Activist investors tell Wells Fargo to split roles of chairman and CEO

Activist investors started filing shareholder resolutions with Wells Fargo yesterday calling on the bank to split the roles of chairman and CEO, both held by John Stumpf, in light of the recent fake accounts scandal.(See: Fargo fined $185 mn for opening millions of unauthorised accounts) Activist investor Bart Naylor, a financial policy analyst for consumer advocacy group Public Citizen, said in a shareholder resolution, he had called on the company to study breaking up its business in the wake of the scandal.

The fake account scandal that hit Wells Fargo had wiped $19 billion off its market value. After the scandal came to light last week, in which Wells Fargo  employees created nearly 2 million accounts for customers without their knowledge in order to meet internal sales targets, the bank has let go of 5,300 employees.

In the aftermath of the scandal, the bank stock was down 7.5 per cent as against a 2.4 per cent decline for the Dow Jones US Banks Index.

Reuters reported citing investors, analysts and legal experts that, Wells Fargo's silence did not mean it had broken the law. However, there was broad agreement that the bank needed to be more forthcoming and explaining why this happened.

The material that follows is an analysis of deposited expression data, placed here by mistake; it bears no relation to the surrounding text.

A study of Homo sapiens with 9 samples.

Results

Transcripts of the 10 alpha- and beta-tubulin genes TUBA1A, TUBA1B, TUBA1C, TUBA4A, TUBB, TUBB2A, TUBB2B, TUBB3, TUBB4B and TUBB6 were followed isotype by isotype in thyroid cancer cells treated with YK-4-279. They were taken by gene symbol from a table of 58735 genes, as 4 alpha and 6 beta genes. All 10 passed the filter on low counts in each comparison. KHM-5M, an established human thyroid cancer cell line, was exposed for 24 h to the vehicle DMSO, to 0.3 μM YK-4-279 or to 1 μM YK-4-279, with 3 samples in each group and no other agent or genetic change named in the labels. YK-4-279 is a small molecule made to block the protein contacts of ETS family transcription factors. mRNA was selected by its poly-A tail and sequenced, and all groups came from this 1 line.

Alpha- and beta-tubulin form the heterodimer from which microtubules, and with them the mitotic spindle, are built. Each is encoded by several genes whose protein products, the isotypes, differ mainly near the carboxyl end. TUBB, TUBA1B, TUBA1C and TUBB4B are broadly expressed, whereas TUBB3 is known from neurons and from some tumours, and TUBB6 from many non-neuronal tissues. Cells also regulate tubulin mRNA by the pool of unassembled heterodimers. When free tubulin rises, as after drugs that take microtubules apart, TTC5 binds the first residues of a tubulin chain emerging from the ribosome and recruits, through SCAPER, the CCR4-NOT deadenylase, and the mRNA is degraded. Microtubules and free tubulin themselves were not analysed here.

Meanwhile, pressure is mounting on chief executive John Stump, to explain this oversight.

A Congressional grilling of Stumpf has also started.

A group of Democratic US senators, under Elizabeth Warren, asked the chairman and chief executive officer in a letter dated 15 September to reveal whether the bank would  hold top managers accountable following allegations that employees opened millions of accounts without customers' knowledge.

The lawmakers named Carrie Tolstedt, who led the unit where the alleged misconduct occurred, pointing out that there seemed to be ample justification for recouping at least some of her compensation.

''We write to ask whether the board of directors will invoke Wells Fargo's clawback authority to recover any of the compensation the company has provided to its senior executives, including Carrie Tolstedt," they wrote. ''There appear to be multiple grounds on which to trigger the clawback provisions to recoup some or all of Ms. Toldstedt's incentive rewards."